The term ‘robo-adviser’ was coined by Richard J. Koreto as the title of an article he wrote for Financial Planning Magazine in 2002. In recent years it has been widely adopted as the standard term to describe financial advice processes that are:

  • Automated, with little or no human interventions
  • Delivered online
  • Self-service
  • Use algorithms to match portfolios to clients, based on assessed risk tolerance and other factors such as age, etc.
  • Confined to relatively simple portfolio construction matters

Robo-advisers are good at producing this process driven investment recommendation and implementation and excel in situations that are simple and where the variables are common enough to be factored into an algorithm.

At this stage, robo-advisers do not generally stray into more complex scenarios involving complicated financial advice such as cash-flow management or retirement income planning. The variables for these products are considered to be so wide, complex and random that they defy being easily coded into algorithms that produce meaningful results. It seems also that in more complex scenarios, people value human interaction which allows for live explanation of concepts with specific answers to specific questions about their own unique circumstances.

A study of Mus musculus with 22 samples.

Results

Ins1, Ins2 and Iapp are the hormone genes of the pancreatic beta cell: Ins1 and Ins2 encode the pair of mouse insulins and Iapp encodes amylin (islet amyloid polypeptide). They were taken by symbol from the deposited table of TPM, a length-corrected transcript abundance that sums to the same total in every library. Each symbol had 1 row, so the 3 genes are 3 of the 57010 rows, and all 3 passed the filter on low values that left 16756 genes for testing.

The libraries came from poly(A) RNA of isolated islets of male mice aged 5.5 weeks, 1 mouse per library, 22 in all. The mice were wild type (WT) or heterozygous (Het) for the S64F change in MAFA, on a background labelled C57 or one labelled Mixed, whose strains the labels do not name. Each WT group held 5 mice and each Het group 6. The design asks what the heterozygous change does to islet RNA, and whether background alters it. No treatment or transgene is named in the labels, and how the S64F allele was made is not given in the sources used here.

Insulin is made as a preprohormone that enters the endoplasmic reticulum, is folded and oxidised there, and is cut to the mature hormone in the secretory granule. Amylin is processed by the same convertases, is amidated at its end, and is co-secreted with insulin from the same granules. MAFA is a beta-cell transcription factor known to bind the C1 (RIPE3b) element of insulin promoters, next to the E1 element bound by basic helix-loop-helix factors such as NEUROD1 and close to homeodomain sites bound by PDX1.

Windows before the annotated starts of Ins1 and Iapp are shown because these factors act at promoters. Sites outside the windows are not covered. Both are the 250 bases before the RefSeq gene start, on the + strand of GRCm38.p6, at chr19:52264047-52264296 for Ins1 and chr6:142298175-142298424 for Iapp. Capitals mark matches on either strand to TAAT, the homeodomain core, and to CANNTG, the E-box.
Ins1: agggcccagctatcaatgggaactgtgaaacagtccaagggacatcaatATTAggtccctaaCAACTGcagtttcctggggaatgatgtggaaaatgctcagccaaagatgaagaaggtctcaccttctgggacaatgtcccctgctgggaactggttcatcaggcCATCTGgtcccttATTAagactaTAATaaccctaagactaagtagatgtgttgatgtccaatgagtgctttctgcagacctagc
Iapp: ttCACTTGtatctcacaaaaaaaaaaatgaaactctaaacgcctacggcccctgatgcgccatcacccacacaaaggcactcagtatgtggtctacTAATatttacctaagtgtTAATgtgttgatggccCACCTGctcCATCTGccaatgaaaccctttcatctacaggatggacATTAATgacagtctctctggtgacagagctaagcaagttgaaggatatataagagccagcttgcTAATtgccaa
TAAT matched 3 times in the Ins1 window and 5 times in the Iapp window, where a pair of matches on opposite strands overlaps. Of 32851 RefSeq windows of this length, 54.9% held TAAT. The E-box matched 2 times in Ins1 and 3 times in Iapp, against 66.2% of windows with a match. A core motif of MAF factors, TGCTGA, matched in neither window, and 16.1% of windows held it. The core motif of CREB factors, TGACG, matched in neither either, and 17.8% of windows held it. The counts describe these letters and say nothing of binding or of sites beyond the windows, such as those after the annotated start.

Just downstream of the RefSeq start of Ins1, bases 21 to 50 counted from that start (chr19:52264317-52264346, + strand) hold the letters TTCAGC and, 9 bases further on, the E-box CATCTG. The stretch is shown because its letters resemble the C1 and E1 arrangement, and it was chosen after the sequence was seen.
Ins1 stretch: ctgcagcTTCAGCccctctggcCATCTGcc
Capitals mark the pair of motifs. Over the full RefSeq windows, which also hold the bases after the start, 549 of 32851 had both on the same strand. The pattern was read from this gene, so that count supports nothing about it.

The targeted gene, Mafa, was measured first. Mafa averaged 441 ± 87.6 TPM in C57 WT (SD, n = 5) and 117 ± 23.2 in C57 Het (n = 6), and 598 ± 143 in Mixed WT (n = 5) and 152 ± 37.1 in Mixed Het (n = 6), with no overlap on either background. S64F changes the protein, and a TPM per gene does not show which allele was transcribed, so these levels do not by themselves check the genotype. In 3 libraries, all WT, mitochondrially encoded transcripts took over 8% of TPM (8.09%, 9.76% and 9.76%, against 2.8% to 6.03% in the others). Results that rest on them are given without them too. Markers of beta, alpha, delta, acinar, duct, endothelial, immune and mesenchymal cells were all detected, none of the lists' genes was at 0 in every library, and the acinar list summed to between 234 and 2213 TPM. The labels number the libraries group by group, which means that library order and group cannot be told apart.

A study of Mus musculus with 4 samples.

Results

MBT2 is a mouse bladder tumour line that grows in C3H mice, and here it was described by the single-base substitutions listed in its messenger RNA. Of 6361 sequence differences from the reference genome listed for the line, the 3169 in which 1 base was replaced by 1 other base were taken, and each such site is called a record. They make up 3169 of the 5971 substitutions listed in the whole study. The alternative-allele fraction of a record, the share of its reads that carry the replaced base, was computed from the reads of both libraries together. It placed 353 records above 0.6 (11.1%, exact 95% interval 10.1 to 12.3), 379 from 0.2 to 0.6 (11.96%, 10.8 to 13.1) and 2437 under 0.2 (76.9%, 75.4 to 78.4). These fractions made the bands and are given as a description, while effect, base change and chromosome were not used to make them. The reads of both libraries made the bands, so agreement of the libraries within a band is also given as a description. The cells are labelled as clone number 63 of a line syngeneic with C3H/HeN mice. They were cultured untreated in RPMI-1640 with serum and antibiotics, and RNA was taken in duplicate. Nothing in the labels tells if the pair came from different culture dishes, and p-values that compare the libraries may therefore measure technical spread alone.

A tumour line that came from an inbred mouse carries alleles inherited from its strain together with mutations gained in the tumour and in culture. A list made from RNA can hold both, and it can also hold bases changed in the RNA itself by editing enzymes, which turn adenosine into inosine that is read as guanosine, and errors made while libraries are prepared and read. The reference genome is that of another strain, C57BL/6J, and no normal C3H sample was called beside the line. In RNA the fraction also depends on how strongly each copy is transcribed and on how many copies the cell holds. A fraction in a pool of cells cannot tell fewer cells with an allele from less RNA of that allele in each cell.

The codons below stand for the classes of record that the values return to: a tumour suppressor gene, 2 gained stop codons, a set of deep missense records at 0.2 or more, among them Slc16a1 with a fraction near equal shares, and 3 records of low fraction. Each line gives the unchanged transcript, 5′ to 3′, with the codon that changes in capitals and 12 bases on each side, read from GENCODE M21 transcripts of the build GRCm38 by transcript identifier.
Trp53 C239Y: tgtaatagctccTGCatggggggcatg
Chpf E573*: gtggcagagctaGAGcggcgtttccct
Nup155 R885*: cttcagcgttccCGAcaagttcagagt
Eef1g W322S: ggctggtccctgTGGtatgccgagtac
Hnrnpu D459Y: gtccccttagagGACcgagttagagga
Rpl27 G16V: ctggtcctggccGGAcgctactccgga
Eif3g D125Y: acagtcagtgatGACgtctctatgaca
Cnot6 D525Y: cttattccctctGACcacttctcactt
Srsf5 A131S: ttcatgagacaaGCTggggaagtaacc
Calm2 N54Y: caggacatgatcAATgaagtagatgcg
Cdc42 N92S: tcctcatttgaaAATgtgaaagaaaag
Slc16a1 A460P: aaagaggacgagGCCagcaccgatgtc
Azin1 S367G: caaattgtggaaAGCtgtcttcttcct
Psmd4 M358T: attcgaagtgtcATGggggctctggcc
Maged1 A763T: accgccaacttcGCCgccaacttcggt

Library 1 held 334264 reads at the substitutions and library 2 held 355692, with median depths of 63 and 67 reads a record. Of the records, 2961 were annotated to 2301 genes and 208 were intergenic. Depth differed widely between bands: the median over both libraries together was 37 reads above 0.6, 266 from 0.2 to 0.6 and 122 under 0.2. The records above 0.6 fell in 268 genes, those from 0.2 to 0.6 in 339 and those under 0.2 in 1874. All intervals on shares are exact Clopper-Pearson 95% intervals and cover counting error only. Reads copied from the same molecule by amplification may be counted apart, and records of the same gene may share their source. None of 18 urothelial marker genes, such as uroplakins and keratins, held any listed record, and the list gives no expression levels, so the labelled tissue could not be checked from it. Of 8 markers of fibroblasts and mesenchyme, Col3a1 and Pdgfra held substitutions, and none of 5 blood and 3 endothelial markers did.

The USA is the epicentre of the robo-adviser boom due to its highly developed technological sector together with the right regulatory approach to allow them to flourish. The US is a unique marketplace because of the advice gap that exists where many lower-wealth investors do not have access to any kind of financial advice. Robo-advisers are seen as a way to provide low cost financial advice to this sector.

In the UK and Europe, robo-advisers are not so well established because of the strict financial regulations.

To date, the boom for robo-advisers has really been in public relations, as the financial press and mainstream media highlight all the advantages from the customer perspective. However, their market share is tiny at less than 1% of Assets under Management. Like all disruptive technology, robo-advisers will shake up the market and change financial services distribution in ways it is hard to imagine, just like the internet did 20 years ago.